Sidewalk Stories is a 1989 independent film written, directed by, and starring Charles Lane.
It is a black-and-white silent movie, set amongst the poverty and homelessness of Greenwich Village. Lane plays a sidewalk artist barely avoiding starvation by drawing pictures of passers-by, including an attractive young woman (Sandye Wilson) who is drawn to him. He lives in the basement of an abandoned, condemned church. One night the artist's life is disrupted when he sees a man murdered in an alley. The robbers run away, leaving behind the man's toddler child, still in her stroller. The artist somewhat reluctantly takes responsiblity for the abandoned girl, and they bond.
- Aside Glance: Two.
- When the artist finds out that the attractive woman doesn't just live in the clothing store, she owns it, he shoots the camera a look of astonishment.
- When the woman holds back the man's coat as he's leaving, and suggests that she stay the night, he actually steps out of the scene and towards the camera, which he gives a meaningful stare. An imagined sex scene follows.
- Better Manhandle the Murder Weapon: The artist actually pulls the knife out of the father's back. Nothing actually comes of this, although the artist at least is paranoid for a while about getting arrested. This may also explain why he doesn't turn the little girl over to the police.
- The Big Rotten Apple: A rather grim portrait of life among the homeless in New York.
- The Bully: A much, much larger artist that sets up shop right next to the protagonist and tries to scare him off the corner.
- Conflict Ball: The hoods who murdered the little girl's father show up again towards the end of the movie and kidnap the child. It is not clear why this happens.
- Conscience Makes You Go Back: After wheeling the little girl's stroller out of the alley following the murder, the artist leaves the stroller on the sidewalk and walks away. He pauses, then comes back and gets her.
- Distracted by the Sexy: The rival, bully artist mistakes the attractive woman's flirtatious glances as being for him. When his back is turned to stare at her, the artist sets fire to his easel.
- Epic Tracking Shot: A shot early in the film establishes the setting, panning down a Greenwich Village street where various street peformers and hustlers hang out, ending with the artist at the end of the sidewalk.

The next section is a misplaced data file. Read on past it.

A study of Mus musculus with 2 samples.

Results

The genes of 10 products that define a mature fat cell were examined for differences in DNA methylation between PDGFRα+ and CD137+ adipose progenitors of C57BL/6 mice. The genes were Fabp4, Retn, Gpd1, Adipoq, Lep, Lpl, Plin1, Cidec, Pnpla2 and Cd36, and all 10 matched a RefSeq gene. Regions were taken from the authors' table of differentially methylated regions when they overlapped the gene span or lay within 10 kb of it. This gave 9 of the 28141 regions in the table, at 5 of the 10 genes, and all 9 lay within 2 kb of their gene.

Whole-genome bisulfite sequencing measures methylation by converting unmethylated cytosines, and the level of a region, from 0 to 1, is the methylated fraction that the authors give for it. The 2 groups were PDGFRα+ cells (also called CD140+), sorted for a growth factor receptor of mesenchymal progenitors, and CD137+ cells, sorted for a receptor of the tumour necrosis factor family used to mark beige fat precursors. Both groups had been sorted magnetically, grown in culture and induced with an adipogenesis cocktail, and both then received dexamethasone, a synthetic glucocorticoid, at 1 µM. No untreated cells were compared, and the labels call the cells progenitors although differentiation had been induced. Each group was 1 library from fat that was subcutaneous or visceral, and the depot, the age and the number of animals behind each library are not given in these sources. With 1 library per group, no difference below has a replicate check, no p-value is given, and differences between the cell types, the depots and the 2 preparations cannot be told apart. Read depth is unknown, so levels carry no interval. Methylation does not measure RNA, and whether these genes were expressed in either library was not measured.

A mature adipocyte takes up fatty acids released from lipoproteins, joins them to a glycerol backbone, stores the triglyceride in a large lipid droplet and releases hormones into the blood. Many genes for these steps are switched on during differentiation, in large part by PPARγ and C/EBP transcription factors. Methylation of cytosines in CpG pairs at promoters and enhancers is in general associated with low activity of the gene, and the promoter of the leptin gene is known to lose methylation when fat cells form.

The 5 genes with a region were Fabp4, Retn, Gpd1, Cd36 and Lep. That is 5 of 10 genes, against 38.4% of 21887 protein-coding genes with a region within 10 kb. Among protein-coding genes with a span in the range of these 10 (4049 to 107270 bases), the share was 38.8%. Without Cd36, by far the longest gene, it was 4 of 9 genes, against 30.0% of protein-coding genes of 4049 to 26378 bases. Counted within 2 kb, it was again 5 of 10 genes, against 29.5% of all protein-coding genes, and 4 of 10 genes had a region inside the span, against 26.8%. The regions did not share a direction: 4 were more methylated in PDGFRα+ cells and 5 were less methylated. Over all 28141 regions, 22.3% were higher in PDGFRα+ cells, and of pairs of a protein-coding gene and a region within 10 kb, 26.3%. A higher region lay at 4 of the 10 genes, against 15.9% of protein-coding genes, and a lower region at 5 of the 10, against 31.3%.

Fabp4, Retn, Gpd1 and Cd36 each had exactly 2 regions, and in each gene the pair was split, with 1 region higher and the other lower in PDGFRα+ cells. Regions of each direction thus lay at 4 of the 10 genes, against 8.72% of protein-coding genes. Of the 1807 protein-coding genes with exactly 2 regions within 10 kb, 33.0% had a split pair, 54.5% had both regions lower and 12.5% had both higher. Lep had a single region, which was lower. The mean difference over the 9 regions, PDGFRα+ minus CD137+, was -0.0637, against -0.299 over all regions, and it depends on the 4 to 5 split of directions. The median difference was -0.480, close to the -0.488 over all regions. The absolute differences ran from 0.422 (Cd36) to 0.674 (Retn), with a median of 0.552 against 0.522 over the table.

- Face on a Milk Carton: How the artist finally finds out where the little girl comes from. She spots her own face on a milk carton.
- Fanservice: Did the movie really need to give the attractive woman a topless scene wherein the man's imagining them having sex? No, not really.
- Imagine Spot: Two.
- When the artist finally realizes how dumb it was to pick up the murder knife, he imagines himself put in prison.
- When the attractive woman invites the artist and the little girl to stay the night, he then imagines a raucous sex scene, before politely declining.
- Jump Cut: Used for edits a couple of times, making for mildly startling moments, like when a shot of the man futzing with his curtain suddenly cuts to the man sitting down on his blankets.
- Maybe Ever After: The artist finally leaves the attractive woman's fancy apartment, but not before they share a long kiss. She loses track of him, eventually finding him sitting around in a crowd of New York homeless. She gives him a sandwich. The film ends.
- Nameless Narrative: As was very common for films from silent movie days. The little girl's name is eventually revealed towards the end when she sees her own picture on a milk carton. Other than that, no names.
- Police Lineup: A darkly comic version of one. When the artist is pictured getting arrested for the father's murder, he imagines himself in a police lineup—sandwiched between two white men in three-piece suits, while he is wearing an Institutional Apparel striped convict outfit.
- The Remake: The film borrows the premise of The Kid as well as some setpieces, like the child's guardian charging in pursuit of people that try to take the kid away.
- Retraux: A black-and-white silent film made in 1989. Yup.
- Shell Game: A three-card monte dealer is one of the hustlers on the artist's block. He deprives the little girl's father of some cash.
- Silence Is Golden: This film is almost more silent that films of the silent era, because, unlike virtually all films from silent movie days, Lane did not use any title cards. The whole film is told through images.
- Suddenly Voiced: The pretty woman tracks the artist down, finding him in a gathering of homeless people in a park. Suddenly, pretty much out of nowhere and about a minute before the movie ends, the voices of all the homeless people can be heard, some of them begging passers-by for change, some of them mentally ill and raving.
- Street Performer: A whole block of them, including street musicians, a magician, a dancer, and a ventriloquist, as well as the artist on the corner.
- Would Hit a Girl: The little girl's no-good father smacks her in the face before taking her money to go gambling.
- You Wouldn't Hit a Guy with Glasses?: The artist resorts to this when the much bigger rival artist is about to pummel him, whipping out glasses that he apparently had staged for that purpose.